May is Beef Month and the push for sales in volume is underway, driven on the promise of spring grilling demand. Packers have increased production to the limit their labor resources will support, which means harvest levels larger than 665,000 head across all federally inspected plants. Total year-to-date beef harvest has run close to 2% larger, with fed cattle up 1.5% over this time last year. Yet beef sales have felt like pushing a rope uphill since early March as buyers stepped away from the market to see if the typical March price decline would arrive on schedule. The dip was barely noticeable and a corresponding lack of buyer interest kept a lid on comprehensive weekly sales. Total load counts remained below a year ago from mid-March until last week. Most recently the fed-cattle market meltdown and large packing-sector profits have fueled packer appetites for cattle. That led to boxed beef inventories that had to be pushed out the door at substantially lower prices, such as last week’s $7/cwt. decline in the comprehensive cutout. We may yet see much higher load counts from the sales side as supplies at the packer level promise to be large. Last week’s estimated harvest adjusted upward to 671,000 head after accounting for the Saturday shift. Memorial Day buying from the retail perspective is already taken care of, but hopefully a bright side remains with warmer weather and lower cutout values spurring sales and throughput from feedlots all the way to end users. Even so, supplies in those yards will keep leverage away from feeders while the beef pipeline flows at full pressure.
An adjustment was necessary to last week’s federally inspected cattle harvest, up from 664,000 to 671,000 head and was more in-line with early guesses for the week’s total. The fed steer/heifer price kept to its aggressive downtrend last week with momentum from the massive Live Cattle futures sell-off two weeks ago. Packers have a lot of incentive to keep their production near the top end of plant capacities as they enjoy a profit margin in excess of $200/head. The large weekly head counts will help keep fed cattle supplies current and finished cattle moving through the packing sector.
The global market for ag commodities remains very reactive as negotiations between the U.S. and China command attention and commodity futures prices hinge on Tweets from the White House. Much remains up in the air.
The end product beef market has seen no strength since the week of April 22nd and prices remain unseasonably negative compared to the past three years. Two factors are at play: the lack of warm, sunny weather in recent weeks across much of the U.S. delayed demand for grilling. Second, the wide packer margin and weaker Live Cattle market have made packers willing to let boxed-beef asking prices slip. In turn, that means protein buyers standing by and watching this lower price trend on the small volume of trade in the weekly spot market.
Boxed beef subprimal pricing in last week’s activity makes it clear that a higher volume at lower prices is the theme for now and the near future. The Certified Angus Beef cutout dropped by $5.12/cwt. in the weekly average data while Choice was down $3.73/cwt. and Select down $4.47/cwt. Notice that the Choice/Select spread has narrowed to $11.31/cwt., under pressure as Choice production is running about 4% higher than a year ago in the 2-week delayed data. The USDA report for the week of April 29th has the total average Prime carcass cutout higher than the Branded cutout by $5.32/cwt., slightly stronger than a year ago. The Prime/Choice spread was $9.53/cwt. compared to $6.99/cwt. a year ago. Although middle meats tend to drive the market in April and May, last week’s Urner Barry (UB) report indicates the rib and loin primal prices fell hardest, down $14.71/cwt. and $8.74/cwt., respectively. This translates into a CAB ribeye price of $8.50/lb., down 50¢ in two weeks. Similarly, all loin items were counter-seasonally cheaper last week while, for instance, the 0x1 strip should be on a higher trajectory at this point in May.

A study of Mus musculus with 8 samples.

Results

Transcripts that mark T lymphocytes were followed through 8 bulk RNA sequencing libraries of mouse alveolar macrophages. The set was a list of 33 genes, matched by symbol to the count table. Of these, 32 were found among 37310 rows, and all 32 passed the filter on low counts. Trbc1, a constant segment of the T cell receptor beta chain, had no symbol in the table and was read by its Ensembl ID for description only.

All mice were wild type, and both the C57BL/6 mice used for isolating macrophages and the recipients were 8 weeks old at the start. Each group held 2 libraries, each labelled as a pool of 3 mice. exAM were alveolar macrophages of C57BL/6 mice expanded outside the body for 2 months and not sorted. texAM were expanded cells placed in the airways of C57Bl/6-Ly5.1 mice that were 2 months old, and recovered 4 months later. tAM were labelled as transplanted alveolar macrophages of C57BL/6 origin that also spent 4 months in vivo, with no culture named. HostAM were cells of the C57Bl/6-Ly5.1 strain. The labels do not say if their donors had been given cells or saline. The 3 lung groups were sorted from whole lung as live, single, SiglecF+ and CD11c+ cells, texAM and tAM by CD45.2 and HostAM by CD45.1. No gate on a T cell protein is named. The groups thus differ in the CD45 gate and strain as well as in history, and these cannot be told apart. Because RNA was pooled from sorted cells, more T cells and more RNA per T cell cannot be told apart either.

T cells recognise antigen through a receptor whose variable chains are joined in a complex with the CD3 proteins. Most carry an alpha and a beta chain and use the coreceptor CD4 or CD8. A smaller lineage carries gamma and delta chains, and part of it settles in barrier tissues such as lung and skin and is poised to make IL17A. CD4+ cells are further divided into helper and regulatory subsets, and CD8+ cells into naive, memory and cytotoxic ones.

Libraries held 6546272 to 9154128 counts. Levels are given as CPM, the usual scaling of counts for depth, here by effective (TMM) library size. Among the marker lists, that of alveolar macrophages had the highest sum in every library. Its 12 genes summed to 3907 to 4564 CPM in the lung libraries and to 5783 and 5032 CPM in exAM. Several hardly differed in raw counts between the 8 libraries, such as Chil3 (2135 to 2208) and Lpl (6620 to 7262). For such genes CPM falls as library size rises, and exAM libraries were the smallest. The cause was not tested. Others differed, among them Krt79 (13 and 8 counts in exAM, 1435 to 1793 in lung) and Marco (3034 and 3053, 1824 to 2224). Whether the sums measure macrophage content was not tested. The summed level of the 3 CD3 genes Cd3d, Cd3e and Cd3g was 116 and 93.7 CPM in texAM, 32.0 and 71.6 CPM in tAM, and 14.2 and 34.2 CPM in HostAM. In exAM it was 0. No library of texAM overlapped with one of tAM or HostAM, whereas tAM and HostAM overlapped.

CAB Supplies Up and Affordable
Certified Angus Beef brand carcass supplies for the 4 weeks ending May 4th were up 7.5% over those weeks in 2018 and partners at retail and foodservice can readily justify “trading up” for quality. The CAB total carcass cutout in last week’s Urner Barry quote was $6.63/cwt. premium to Choice, $3.04/cwt. less than the same week last year. Middle meats from CAB-qualified carcasses easily carry the most premium at the wholesale and end-user levels while the lower priced end meats carry a smaller markup. Last week’s data shows CAB ribeyes just 34¢/lb. above commodity Choice ribeyes, a dime less than a year ago. The narrower ribeye price spread in the past two weeks is more a bellwether for overall weaker ribeye demand in the recent two-week timeline than a suggestion of weaker demand for richer marbled, CAB product.
The CAB/Choice premium on strip loins was even with last year at 25¢/lb. while the tenderloin spread at 64¢/lb. was a penny greater than a year ago. Switching to the production side, cattle feeders looking to capture premiums from CAB-qualified carcasses also focus on the Choice/Select spread, since CAB and Prime premiums are additive to the Choice price tag. The Choice/Select spread has fallen back to a range near $11 to $12/cwt. early this week after reaching a $15.52/cwt. spring high last Thursday. The pull-back may be unnerving to those with carcass-bred finished cattle ready to ship to the packer soon. But even if the market doesn’t quickly return to the anticipated trajectory, north of $15/cwt., there is still no reason to back away from the grid even at a $10/cwt. Choice/Select spread. In that less desirable scenario, a CAB carcass will still bring back a $60/head premium over the market average.